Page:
Kenyan Faith Kipyegon broke her second world record in as many Fridays as three world records fell at a Diamond League meet in Paris.
Kipyegon, a 29-year-old mom, followed her 1500m record from last week by running the fastest 5000m in history.
She clocked 14 minutes, 5.20 seconds, pulling away from now former world record holder Letesenbet Gidey of Ethiopia, who ran 14:07.94 for the third-fastest time in history. Gidey’s world record was 14:06.62.
“When I saw that it was a world record, I was so surprised,” Kipyegon said, according to meet organizers. “The world record was not my plan. I just ran after Gidey.”
Kipyegon, a two-time Olympic 1500m champion, ran her first 5000m in eight years. In the 1500m, her primary event, she broke an eight-year-old world record at the last Diamond League meet in Italy last Friday.
Next year in the 1500m, Kipyegon can bid to become the second person to win the same individual Olympic track and field event three times (joining Usain Bolt). After that, she has said she may move up to the 5000m full-time en route to the marathon.
Kipyegon is the first woman to break world records in both the 1500m and the 5000m since Italian Paola Pigni, who reset them in the 1500m, 5000m and 10,000m over a nine-month stretch in 1969 and 1970.
Full Paris meet results are here. The Diamond League moves to Oslo next Thursday, live on Peacock.
Also Friday, Ethiopian Lamecha Girma broke the men’s 3000m steeplechase world record by 1.52 seconds, running 7:52.11. Qatar’s Saif Saaeed Shaheen set the previous record in 2004. Girma is the Olympic and world silver medalist.
Olympic 1500m champion Jakob Ingebrigtsen of Norway ran the fastest two-mile race in history, clocking 7:54.10. Kenyan Daniel Komen previously had the fastest time of 7:58.61 from 1997 in an event that’s not on the Olympic program and is rarely contested at top meets. Ingebrigtsen, 22, is sixth-fastest in history in the mile and eighth-fastest in the 1500m.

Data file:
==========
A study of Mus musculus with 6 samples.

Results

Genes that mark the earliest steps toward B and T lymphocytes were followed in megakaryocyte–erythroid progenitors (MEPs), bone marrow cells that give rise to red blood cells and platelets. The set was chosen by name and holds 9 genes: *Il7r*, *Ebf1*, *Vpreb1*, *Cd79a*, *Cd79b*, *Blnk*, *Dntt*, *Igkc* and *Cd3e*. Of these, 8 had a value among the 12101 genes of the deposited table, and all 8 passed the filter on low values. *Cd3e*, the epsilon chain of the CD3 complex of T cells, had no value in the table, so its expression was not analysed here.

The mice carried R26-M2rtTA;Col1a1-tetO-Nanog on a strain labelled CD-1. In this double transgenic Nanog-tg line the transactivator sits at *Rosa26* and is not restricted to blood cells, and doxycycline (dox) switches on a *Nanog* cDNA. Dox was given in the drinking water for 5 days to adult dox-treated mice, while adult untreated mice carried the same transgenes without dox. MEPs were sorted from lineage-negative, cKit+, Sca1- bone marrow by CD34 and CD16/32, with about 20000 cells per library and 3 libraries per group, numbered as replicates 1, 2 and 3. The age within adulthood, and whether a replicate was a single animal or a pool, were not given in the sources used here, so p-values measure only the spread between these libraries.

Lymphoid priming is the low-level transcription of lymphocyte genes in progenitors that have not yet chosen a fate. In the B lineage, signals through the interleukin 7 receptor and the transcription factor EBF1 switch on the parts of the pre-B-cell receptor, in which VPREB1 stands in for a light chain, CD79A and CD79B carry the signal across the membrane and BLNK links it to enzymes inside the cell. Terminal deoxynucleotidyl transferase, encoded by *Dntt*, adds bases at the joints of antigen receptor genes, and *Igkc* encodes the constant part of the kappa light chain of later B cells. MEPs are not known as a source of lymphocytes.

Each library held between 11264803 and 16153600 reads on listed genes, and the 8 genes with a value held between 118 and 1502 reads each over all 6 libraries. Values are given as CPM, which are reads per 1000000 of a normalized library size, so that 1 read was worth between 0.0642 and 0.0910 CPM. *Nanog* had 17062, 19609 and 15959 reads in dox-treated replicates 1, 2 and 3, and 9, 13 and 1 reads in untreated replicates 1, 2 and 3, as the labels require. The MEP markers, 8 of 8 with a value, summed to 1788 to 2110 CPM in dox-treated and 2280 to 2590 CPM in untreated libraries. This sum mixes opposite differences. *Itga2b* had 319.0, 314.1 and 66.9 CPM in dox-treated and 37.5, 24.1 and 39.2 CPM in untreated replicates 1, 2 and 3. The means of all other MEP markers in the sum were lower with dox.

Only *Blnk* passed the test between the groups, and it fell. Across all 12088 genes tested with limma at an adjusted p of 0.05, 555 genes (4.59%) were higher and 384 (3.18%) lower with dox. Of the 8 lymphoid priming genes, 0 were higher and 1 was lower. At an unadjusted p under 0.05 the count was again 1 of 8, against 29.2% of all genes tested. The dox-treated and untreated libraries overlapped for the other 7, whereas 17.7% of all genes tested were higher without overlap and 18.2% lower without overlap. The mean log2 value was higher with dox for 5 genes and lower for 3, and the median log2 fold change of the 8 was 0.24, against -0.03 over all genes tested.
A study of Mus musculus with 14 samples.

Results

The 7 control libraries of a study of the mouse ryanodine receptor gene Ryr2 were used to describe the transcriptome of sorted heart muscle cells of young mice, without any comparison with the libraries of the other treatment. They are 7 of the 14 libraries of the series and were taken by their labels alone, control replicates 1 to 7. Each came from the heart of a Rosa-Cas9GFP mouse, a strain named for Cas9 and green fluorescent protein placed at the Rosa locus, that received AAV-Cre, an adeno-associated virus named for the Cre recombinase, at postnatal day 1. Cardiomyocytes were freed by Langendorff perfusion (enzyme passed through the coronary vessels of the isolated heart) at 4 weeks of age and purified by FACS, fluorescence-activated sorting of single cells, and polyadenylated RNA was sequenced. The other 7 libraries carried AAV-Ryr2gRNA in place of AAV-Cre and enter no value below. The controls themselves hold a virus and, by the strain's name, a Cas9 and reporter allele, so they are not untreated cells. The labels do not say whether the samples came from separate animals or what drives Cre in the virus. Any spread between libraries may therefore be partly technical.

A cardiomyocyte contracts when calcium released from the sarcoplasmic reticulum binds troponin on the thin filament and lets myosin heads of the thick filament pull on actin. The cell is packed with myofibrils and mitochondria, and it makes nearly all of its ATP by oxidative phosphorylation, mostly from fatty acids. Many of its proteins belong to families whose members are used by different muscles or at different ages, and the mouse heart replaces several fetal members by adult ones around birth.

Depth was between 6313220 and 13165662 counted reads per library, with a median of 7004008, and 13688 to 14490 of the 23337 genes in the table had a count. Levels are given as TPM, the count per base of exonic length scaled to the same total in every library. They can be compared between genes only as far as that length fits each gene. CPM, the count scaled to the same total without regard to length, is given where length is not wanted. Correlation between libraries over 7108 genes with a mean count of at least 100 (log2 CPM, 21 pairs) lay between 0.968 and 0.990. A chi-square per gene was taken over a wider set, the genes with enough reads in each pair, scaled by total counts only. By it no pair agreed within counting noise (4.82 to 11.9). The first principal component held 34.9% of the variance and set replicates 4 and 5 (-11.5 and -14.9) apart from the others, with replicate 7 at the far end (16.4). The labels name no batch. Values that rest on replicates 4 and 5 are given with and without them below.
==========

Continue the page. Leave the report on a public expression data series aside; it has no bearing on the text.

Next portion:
Olympic and world silver medalist Marileidy Paulino of the Dominican Republic won the 400m in 49.12 seconds, chasing down Sydney McLaughlin-Levrone, who ran her first serious flat 400m in four years. McLaughlin-Levrone clocked a personal best 49.71 seconds, a time that would have earned bronze at last year’s world championships.
McLaughlin-Levrone is expected to race the flat 400m at July’s USA Track and Field Outdoor Championships, where the top three are in line to make the world team in the individual 400m. She also has a bye into August’s worlds in the 400m hurdles and is expected to announce after USATF Outdoors which race she will contest at worlds.
Noah Lyles, the world 200m champion, won the 100m in 9.97 seconds into a headwind. Olympic champion Marcell Jacobs of Italy was seventh in 10.21 in his first 100m since August after struggling through health issues since the Tokyo Games.
Lyles wants to race both the 100m and the 200m at August’s worlds. He has a bye into the 200m. The top three at USATF Outdoors join reigning world champion Fred Kerley on the world championships team. Lyles is the fifth-fastest American in the 100m this year, not counting Kerley, who is undefeated in three meets at 100m in 2023.
Olympic and world silver medalist Keely Hodgkinson won the 800m in 1:55.77, a British record. American Athing Mu, the Olympic and world champion with a personal best of 1:55.04, is expected to make her season debut later this month.
World champion Grant Holloway won the 110m hurdles in 12.98 seconds, becoming the first man to break 13 seconds this year. Holloway has the world’s four best times in 2023.
American Valarie Allman won the discus over Czech Sandra Perkovic in a meeting of the last two Olympic champions. Allman threw 69.04 meters and has the world’s 12 best throws this year.